Metal Health is the third studio album by American heavy metal band Quiet Riot. It was released on March 11, 1983, bolstered by the No. 5 hit "Cum On Feel the Noize" and the No. 31 hit "Metal Health". Metal Health is notable for being the first heavy metal album to reach the top spot on the Billboard 200, replacing The Police's Synchronicity at number one in November 1983. The album went on to sell more than six million copies and is considered a classic among heavy metal fans. Some critics, such as AllMusic, describe it as a one-hit wonder, owing to Quiet Riot's relative lack of critical and commercial success with following albums (and subsequent disintegration) towards the end of the 1980s. The title track was ranked No. 35 on VH1's 40 Greatest Metal Songs.
In 1983, American heavy metal band Quiet Riot covered the song. Quiet Riot's version of "Cum On Feel the Noize" went on to peak at number five on the Billboard Hot 100 on 19 November 1983. It helped make Quiet Riot's Metal Health album a number-one hit. The song's success drew huge nationwide attention to the 1980s Los Angeles metal scene. It also helped to break Slade belatedly in the US. The song was certified gold by the RIAA. Originally, Kevin DuBrow and Frankie Banali were dead set on not covering the song, because they claimed that they hated it. Instead, they decided to try to cover the song as badly as they could so the label would refuse to release it.
Quiet Riot's version of "Cum On Feel the Noize" was ranked #80 on VH1's 100 Greatest One-Hit Wonders back in 2002, though the song was not Quiet Riot's only Top 40 hit and therefore not a true one-hit wonder. In 2009, it was named the 41st "best hard rock song of all time" also by VH1.
In a December 1983 interview by Kerrang magazine, Holder spoke of the Quiet Riot version.
The first Slade knew about Quiet Riot was when they approached our publisher for permission to do 'Cum On Feel the Noize.' We agreed, never believing something like this would happen. In fact, the record was out for some while in the States before becoming a big hit, wasn't it? The really nice thing about the whole affair is that it proves how strong our songs are. After all; 'Cum On Feel the Noize' is now ten years old, so it's obviously stood the test of time rather well!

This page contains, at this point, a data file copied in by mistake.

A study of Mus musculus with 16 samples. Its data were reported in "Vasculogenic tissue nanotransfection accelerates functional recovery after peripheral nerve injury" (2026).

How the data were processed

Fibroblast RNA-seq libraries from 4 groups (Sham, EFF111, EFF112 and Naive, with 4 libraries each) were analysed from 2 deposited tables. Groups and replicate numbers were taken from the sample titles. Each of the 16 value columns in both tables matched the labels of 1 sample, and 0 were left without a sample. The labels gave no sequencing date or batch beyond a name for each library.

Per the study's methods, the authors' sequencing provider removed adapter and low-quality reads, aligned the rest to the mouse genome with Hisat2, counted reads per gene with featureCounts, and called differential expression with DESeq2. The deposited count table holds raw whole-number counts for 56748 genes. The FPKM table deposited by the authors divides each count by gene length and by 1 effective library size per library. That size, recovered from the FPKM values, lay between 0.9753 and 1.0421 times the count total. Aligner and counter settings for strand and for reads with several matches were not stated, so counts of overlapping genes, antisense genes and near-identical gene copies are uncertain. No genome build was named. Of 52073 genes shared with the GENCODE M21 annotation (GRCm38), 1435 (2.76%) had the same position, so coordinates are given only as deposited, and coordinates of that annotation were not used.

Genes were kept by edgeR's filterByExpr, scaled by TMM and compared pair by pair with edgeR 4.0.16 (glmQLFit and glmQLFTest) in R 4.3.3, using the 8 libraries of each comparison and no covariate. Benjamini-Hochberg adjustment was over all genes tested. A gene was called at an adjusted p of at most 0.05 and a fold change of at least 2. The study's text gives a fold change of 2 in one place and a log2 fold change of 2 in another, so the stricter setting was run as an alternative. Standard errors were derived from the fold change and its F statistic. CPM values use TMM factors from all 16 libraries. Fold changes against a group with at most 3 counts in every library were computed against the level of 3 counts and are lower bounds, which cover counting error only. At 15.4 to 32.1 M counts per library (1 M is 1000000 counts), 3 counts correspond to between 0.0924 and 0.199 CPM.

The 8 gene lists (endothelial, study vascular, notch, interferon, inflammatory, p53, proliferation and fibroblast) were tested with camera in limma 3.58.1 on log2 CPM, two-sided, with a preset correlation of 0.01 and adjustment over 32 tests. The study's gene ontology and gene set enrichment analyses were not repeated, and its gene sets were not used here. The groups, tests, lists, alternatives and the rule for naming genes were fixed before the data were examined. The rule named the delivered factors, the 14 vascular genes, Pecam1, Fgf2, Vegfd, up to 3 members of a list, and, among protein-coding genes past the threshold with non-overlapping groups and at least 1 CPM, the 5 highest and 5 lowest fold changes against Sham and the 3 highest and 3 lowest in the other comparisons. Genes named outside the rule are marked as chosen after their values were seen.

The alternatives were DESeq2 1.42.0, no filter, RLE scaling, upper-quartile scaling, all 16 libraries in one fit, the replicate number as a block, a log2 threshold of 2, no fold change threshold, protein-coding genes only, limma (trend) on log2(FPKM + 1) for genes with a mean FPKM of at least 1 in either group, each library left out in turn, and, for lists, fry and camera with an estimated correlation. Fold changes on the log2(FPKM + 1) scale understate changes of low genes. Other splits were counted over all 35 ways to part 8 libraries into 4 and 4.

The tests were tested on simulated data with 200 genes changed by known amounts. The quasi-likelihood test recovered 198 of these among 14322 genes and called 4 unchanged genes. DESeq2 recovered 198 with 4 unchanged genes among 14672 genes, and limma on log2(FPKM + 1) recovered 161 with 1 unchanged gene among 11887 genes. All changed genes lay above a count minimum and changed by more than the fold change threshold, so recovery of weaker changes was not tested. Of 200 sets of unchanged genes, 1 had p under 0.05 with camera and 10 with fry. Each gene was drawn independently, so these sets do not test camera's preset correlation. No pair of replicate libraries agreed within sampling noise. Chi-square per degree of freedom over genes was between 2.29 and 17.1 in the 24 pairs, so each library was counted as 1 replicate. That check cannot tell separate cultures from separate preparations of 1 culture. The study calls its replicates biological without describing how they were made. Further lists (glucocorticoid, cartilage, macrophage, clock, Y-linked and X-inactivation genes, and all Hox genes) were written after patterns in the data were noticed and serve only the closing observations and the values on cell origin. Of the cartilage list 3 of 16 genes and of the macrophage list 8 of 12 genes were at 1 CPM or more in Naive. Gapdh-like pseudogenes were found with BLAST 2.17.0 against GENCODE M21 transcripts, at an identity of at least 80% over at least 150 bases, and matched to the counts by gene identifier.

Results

We've actually been approached in the recent past by people wanting us to update one of our classics. But, not even seeing what a band like Quiet Riot have done so successfully with modern studio technology on an old Slade tune has persuaded us it's worth doing. There was a spontaneity and electricity about the numbers when we first did 'em that could never be recaptured now. There just wouldn't be the same feel so, no matter how much money is offered, we're not into prostituting our own heritage.
In a December 1983 interview by Record Mirror magazine, Lea stated: "Quiet Riot phoned us up and asked if they could use the song. They were a bit cheeky really because they had already recorded it. I think they've done a very good version and the song is a classic." Lea was asked if he knew how much he was to make out of the publishing royalties. He replied, "Let's say enough to buy some very nice Christmas presents. Because of the success of the song in the States, we've also got five major record companies trying to outbid each other and sign us to a major deal. We've had ridiculous offers coming over the phone. We'll give you five Rolls Royces if you go with us, that kind of thing."
In a Ludwig drums interview with Quiet Riot's drummer Frankie Banali, Ludwig HQ asked, "It has been said that Slade liked Quiet Riot's version of 'Cum On Feel the Noize' better than their original. Is this true?" Banali replied, "If that is true, they never told us! I think they were a little bitter about our success with their song. They had a hit with it in other territories but not in the US and later our version overshadowed theirs worldwide. Any real success in the US always seemed to elude Slade, so Quiet Riot having a major hit with 'Cum On Feel the Noize' was bittersweet for them. When Quiet Riot played the Hammersmith Odeon in London opening up for Judas Priest in 1983, we offered them an invitation complete with a limo service to attend the show, but they never responded. Later I was shopping in Kensington Market and ran into (Slade bassist,) Jimmy Lea, who co-wrote the song. I wanted to shake his hand and thank him for writing a great song. He looked into my face, and walked away leaving me with nothing in my hand but air! I look at the situation like this: Quiet Riot received a great measure of success with the help of that song, and Slade received a great deal of money for their trouble. Fair enough!"
I was unsuccessful in finding the video for this song....
But I found a video clip of a live concert.